On Saturday (July 2), a study published in The Lancet Infectious Diseases journal cited symptoms of monkeypox patients in the UK differ from those observed in previous outbreaks elsewhere in the world.

The researchers from the Lancet Infectious Diseases observed 54 patients who attended sexual health clinics in London, UK and were diagnosed with monkeypox during a 12-day period in May this year. The researchers collected data from monkeypox patients at four sexual health centres in London, UK. Confirmed cases were defined as individuals with laboratory-confirmed infection using a RT-PCR test.

They recorded data contained the patient’s travel history, sexual history, and clinical symptoms.

The study finding suggests that patients in this group had a higher prevalence of skin lesions in the genital and anal area and a lower prevalence of tiredness and fever than in cases from previously studied outbreaks of monkeypox.

Based on these findings, the researchers of the Lancet Infectious Diseases suggest that current case definitions for ‘probable cases’ of monkeypox should be reviewed to help identify cases. They also predict that the high prevalence of genital skin lesions in patients and the high rate of co-occurring sexually transmitted infections means that sexual health clinics are likely to see additional monkeypox cases in the future. The researchers call for additional resources to support services in managing this condition.

According to Nicolo Girometti, from the Chelsea & Westminster Hospital National Health Service (NHS) Foundation Trust said, “Currently, the UK and several other countries are seeing a rapid increase in monkeypox cases among individuals attending sexual health clinics, with no apparent links to countries where the disease is endemic.”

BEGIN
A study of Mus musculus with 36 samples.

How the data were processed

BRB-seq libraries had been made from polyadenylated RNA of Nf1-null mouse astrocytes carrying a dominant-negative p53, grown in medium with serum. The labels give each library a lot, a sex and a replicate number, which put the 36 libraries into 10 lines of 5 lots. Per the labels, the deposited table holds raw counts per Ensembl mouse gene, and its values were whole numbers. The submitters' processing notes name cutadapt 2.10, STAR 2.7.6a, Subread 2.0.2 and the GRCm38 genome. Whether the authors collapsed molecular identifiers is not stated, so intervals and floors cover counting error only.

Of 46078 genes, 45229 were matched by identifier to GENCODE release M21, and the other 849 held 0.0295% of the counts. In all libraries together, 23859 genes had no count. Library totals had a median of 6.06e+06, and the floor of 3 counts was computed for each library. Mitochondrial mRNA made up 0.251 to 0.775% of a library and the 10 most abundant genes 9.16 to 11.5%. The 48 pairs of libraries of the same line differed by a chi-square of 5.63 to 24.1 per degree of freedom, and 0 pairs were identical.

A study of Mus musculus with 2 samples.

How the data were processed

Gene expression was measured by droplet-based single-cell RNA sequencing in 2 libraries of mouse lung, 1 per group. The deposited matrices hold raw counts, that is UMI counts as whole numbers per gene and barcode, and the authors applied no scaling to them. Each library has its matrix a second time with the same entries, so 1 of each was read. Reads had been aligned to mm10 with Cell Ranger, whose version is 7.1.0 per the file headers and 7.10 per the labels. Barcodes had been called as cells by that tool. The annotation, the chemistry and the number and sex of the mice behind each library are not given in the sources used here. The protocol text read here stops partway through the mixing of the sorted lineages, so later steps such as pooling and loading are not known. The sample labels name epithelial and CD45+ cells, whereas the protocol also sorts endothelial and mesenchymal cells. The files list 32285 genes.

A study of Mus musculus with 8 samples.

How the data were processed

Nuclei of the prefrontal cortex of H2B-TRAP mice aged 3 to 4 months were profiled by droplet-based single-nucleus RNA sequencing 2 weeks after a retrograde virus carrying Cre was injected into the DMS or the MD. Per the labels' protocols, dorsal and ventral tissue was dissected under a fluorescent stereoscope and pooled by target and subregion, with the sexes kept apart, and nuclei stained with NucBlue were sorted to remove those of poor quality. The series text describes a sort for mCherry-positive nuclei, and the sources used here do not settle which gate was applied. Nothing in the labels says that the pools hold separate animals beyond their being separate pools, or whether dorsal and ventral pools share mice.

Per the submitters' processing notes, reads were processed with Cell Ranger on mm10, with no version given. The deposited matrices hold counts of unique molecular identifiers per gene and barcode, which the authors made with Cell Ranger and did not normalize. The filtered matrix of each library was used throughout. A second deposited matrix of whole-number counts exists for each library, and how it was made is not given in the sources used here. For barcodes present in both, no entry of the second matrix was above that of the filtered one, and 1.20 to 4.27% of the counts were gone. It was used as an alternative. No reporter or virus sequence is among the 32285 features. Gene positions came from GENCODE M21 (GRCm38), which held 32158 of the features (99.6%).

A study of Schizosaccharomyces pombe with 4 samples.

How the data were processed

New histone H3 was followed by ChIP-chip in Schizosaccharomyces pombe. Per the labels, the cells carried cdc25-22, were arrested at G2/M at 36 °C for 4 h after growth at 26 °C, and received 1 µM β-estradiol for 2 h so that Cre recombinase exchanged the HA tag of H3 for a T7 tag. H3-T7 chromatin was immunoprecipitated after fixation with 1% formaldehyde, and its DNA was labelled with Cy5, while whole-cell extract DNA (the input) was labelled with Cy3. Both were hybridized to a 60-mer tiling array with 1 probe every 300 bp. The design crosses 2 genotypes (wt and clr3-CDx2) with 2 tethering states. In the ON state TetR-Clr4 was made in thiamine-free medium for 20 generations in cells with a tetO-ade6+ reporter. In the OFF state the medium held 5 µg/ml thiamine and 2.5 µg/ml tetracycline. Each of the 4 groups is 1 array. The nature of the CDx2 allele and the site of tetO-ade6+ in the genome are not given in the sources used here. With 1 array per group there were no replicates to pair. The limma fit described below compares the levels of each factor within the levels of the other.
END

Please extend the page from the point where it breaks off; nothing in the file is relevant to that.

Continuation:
“Monkeypox is a novel diagnosis within the sexual health setting and our study, the first to publish on cases from this UK outbreak, will support future case finding and clinical care, Girometti added.

The 54 patients observed in this study represent 60 per cent of the cases reported in the UK during the 12-day study period in May this year. All except two of the patients in the cohort were not aware of having been in contact with a known case and none reported travel to sub-Saharan Africa, however many had recently visited other European countries.

All patients identified as men who have sex with men and there was a median age of 41, the researchers said.

As many as 90 per cent of the patients who responded to the questions on sexual activity reported at least one new sexual partner during the three weeks prior to symptoms, and almost all reported inconsistent condom use in this same time period.

The patients were all symptomatic and afflicted with skin lesions; 94 per cent of patients had at least one skin lesion on the genital or perianal skin. Mostly the patients had a mild illness and recovered while isolated at home, but five individuals were admitted to the hospital due to pain or infection of the skin lesions. All subsequently recovered and were discharged with a median of seven days of hospital admission.

Referring to the transmission among patients, Ruth Byrne, from the Chelsea & Westminster Hospital NHS Foundation Trust said, “The commonly observed symptom of skin lesions in the anal and penile areas, and the fact that a quarter of the patients tested positive for gonorrhoea or chlamydia at the same time as the monkeypox infection, suggests that transmission of the monkeypox virus in this cohort is occurring from close skin-to-skin, for example in the context of sexual activity.”

A lower proportion of patients in the group reported feeling weak and tired or having a fever than in studies on cases in previous outbreaks, the researchers said. Also, 18 per cent of patients in the group did not report any early symptoms before the onset of skin lesions, they added.

In a study published in the journal Nature Medicine, Portuguese researchers found samples of the virus had 50 mutations in its DNA compared to 2018. That’s between six and 12 times the number scientists would normally expect over the same time period.